The Origin of the Regimental Motto
Regimental Records state that Major-General James Wolfe was so impressed with the alertness, intrepidity and spirited conduct of the grenadier companies of the 2nd and 3rd Battalion of the 60th Royal Americans before Quebec that he conferred on them the motto Celer et Audax (Swift and Bold). The exact occasion on this 'spirited conduct' is not certain. An analysis of the possibilities is included in the Annals, Volume I, Appendix 1. Most probably it was on 9 August 1759 when it is believed that the grenadier companies, who were escorting Wolfe at the time, had a sharp encounter with the enemy and that he was extremely pleased with the outcome.
The relevance and significance of General Wolfe's gesture seems to have attracted little attention thereafter until, sixty-five years later, permission was sought to resume use of the Motto. The reply, dated 11 October 1824 and addressed to the Regiment's commanding officers from the Deputy Adjutant General at Horse Guards, stated:
I have the honour to acquaint you, by direction of the Commander-in-Chief, that His Majesty has been pleased to permit the 60th Regiment, 'The Duke of York's Own Rifle Corps', to resume the motto 'Celer et Audax', which was formerly worn by the Regiment in commemoration of its distinguished bravery whilst employed with the British Army in North America, under Major-General Wolfe, in the year 1759.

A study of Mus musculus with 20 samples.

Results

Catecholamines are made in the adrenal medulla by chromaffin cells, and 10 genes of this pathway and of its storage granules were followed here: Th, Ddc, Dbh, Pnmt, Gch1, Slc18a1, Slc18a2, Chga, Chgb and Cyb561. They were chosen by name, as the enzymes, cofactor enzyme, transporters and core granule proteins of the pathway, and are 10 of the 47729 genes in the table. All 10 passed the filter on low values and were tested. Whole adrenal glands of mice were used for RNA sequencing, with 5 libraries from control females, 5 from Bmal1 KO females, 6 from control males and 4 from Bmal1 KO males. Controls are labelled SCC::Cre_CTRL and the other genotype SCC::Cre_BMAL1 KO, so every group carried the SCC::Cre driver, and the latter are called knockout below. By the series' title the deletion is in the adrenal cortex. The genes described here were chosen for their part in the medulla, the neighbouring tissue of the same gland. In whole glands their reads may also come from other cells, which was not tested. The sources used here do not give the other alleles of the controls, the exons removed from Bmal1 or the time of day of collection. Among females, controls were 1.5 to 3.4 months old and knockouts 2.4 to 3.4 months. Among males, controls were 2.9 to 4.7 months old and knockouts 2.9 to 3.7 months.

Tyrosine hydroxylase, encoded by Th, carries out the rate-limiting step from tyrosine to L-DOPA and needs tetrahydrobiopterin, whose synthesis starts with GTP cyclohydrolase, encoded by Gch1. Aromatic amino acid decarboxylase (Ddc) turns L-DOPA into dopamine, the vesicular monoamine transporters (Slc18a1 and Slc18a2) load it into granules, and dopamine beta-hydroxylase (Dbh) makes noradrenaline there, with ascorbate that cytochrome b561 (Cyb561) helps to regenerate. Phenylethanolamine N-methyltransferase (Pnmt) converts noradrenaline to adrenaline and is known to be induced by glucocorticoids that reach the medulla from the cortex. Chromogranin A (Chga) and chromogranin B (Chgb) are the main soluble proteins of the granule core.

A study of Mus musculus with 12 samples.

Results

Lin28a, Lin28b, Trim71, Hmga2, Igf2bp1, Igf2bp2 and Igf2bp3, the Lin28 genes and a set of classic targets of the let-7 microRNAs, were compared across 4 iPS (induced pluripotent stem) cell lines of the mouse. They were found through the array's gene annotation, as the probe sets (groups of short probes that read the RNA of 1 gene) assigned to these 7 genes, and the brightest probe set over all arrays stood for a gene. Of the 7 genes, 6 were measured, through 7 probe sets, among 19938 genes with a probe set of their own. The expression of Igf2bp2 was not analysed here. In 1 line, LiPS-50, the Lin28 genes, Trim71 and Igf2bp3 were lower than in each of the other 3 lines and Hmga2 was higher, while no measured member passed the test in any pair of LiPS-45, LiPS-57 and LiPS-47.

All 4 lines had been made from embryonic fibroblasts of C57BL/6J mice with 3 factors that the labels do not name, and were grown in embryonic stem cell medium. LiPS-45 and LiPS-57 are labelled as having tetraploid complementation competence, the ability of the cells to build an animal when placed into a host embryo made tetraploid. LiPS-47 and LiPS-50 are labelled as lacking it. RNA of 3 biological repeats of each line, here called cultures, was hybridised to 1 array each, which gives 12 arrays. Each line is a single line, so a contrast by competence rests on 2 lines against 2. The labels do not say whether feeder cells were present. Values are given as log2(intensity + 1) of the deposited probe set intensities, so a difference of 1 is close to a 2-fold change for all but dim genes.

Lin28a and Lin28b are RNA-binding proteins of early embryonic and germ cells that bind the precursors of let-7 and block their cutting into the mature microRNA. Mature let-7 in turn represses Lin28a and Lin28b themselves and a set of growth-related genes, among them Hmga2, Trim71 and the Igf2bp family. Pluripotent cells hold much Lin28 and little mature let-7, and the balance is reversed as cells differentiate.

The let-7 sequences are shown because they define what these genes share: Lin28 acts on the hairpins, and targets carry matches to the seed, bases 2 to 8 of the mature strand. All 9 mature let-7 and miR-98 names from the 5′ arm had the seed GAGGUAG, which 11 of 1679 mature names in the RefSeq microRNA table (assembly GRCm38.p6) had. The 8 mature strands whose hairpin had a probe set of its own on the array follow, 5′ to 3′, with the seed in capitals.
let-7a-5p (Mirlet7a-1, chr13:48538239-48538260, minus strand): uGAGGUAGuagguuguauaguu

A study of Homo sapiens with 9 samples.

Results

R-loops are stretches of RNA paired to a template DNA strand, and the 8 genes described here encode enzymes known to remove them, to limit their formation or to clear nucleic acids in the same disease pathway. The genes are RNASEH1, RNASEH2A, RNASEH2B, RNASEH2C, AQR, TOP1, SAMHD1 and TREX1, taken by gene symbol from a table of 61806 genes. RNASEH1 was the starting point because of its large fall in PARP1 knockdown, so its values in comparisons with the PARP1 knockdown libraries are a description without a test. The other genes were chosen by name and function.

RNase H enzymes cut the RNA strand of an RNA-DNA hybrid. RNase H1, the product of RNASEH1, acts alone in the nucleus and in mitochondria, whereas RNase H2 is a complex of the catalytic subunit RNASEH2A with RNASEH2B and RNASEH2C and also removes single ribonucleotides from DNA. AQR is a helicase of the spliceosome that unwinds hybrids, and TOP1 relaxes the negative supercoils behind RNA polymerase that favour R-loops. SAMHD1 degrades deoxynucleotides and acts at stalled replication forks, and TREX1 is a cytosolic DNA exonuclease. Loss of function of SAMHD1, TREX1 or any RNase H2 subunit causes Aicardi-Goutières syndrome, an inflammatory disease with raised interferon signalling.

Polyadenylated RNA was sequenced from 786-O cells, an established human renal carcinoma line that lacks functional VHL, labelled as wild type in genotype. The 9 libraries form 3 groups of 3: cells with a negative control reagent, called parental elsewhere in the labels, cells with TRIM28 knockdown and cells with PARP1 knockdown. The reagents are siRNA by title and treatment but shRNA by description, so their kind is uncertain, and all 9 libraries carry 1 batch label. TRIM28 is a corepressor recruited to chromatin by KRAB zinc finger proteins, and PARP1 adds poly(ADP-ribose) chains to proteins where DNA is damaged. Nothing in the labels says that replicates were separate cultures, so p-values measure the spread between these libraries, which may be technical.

The Motto subsequently played a central role in underpinning the Regimental approach to soldiering, occupying pride of place on the Regiment's cap badge and accoutrements. On 1 January 1966 the English translation 'Swift and Bold' was adopted as the Regimental Motto of The Royal Green Jackets. The Motto was later taken up by the newly formed The Rifles in February 2007.